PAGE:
Client’s Challenge: Get in Early – Before Everyone Else
One of the world’s leading financial services firms was eager to invest in a fast-growing fashion design company. The company, in business for fewer than five years, had established what some referred to as a “cult following” on the West Coast, and word-of-mouth on social media had resulted in a sustained surge in sales. The brand appeared poised to explode, perhaps globally. But whether its leadership structure and legal history were free of any red flags was another matter entirely.
Our Solution: Pre-Transaction Due Diligence
The Hillard Heintze Investigations team provided the client’s deal team with a wide range of pre-transaction due diligence services. These included: querying federal, state and county criminal and civil records naming the company or members of its leadership team; reviewing the professional history and business affiliations of team members; searching press reports related to the company and leadership for any red-flag issues; and searching social media and the internet for issues of concern related to the company or its leaders. The client also was interested in the funding it received in its early stages of raising capital.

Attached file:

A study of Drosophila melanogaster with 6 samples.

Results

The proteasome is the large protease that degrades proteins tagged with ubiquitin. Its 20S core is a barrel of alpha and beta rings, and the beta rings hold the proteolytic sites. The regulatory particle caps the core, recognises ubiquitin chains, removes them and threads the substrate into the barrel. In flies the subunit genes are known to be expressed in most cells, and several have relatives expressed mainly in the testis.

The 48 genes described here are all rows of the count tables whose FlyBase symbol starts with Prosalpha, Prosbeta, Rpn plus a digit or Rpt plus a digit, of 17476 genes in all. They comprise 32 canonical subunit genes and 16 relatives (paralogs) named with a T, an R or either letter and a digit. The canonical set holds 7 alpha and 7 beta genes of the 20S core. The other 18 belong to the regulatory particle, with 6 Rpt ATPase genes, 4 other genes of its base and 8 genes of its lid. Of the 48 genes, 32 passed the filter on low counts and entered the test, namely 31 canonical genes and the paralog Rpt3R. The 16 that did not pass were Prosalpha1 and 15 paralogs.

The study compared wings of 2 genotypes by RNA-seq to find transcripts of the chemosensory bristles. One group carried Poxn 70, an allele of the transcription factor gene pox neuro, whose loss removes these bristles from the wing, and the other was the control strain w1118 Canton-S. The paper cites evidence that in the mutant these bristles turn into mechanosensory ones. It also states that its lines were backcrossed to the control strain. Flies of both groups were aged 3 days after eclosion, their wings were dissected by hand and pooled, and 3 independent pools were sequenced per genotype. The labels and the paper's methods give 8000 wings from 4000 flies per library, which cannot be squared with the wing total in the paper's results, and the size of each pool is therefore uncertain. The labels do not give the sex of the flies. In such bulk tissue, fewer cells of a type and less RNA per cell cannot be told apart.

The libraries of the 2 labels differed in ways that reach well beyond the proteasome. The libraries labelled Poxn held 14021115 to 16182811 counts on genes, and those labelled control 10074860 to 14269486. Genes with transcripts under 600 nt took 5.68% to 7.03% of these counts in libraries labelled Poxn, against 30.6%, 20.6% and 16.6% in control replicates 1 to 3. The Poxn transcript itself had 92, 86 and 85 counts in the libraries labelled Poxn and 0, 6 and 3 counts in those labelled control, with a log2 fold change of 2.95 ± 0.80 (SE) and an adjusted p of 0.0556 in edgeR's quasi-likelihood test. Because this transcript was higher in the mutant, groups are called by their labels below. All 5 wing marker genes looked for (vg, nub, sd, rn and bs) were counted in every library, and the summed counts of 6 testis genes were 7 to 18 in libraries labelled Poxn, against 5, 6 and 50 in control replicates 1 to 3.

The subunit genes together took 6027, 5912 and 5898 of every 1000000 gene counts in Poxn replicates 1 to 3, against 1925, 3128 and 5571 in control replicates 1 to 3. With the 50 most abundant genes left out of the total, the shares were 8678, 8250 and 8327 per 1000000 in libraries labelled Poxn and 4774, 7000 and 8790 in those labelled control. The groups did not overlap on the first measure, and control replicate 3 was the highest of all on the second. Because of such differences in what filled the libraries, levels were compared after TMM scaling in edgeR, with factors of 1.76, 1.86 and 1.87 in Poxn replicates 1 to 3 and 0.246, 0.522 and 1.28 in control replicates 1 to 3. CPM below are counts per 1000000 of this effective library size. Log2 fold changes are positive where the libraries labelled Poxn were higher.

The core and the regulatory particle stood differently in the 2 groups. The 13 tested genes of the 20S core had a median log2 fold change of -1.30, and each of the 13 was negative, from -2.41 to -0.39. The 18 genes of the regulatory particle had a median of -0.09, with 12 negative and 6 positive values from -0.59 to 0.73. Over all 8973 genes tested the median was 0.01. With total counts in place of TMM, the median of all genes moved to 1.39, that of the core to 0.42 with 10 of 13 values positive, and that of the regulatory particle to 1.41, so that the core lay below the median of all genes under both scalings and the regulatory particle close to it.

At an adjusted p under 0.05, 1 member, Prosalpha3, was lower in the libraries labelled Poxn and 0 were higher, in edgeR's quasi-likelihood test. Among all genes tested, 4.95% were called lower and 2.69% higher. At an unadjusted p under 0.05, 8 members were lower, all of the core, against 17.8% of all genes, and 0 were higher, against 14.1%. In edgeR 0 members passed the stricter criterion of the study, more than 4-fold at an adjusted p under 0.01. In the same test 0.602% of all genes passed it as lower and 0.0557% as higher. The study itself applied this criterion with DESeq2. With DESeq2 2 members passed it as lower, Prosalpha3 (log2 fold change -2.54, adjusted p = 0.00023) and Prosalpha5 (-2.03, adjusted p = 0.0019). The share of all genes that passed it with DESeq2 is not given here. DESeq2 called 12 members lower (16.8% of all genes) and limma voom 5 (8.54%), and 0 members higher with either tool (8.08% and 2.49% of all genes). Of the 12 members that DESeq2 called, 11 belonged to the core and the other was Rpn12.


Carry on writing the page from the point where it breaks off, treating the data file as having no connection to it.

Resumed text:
Impact on the Client: The Confidence to Make the Move
After a thorough search, the Investigations team found few red flags. The company had been involved in a legal dispute involving intellectual property rights, but the case had been settled out of court. Encouraged by the broadly clean background of its potential investment target, the client accelerated the investment process, injected an immediate round of capital into the clothing maker and scheduled a second round of funding for the following year.
Unplugged: The Project Manager’s Post-Engagement Perspective
“For any of our clients considering a major investment or acquisition – or a strategic hire – when it comes to due diligence on an individual or corporation, no news is great news.
This was a textbook example of how a thorough background investigation, one that includes searches of civil and criminal records, serves as a ‘high bar’ that candidates must unequivocally clear.”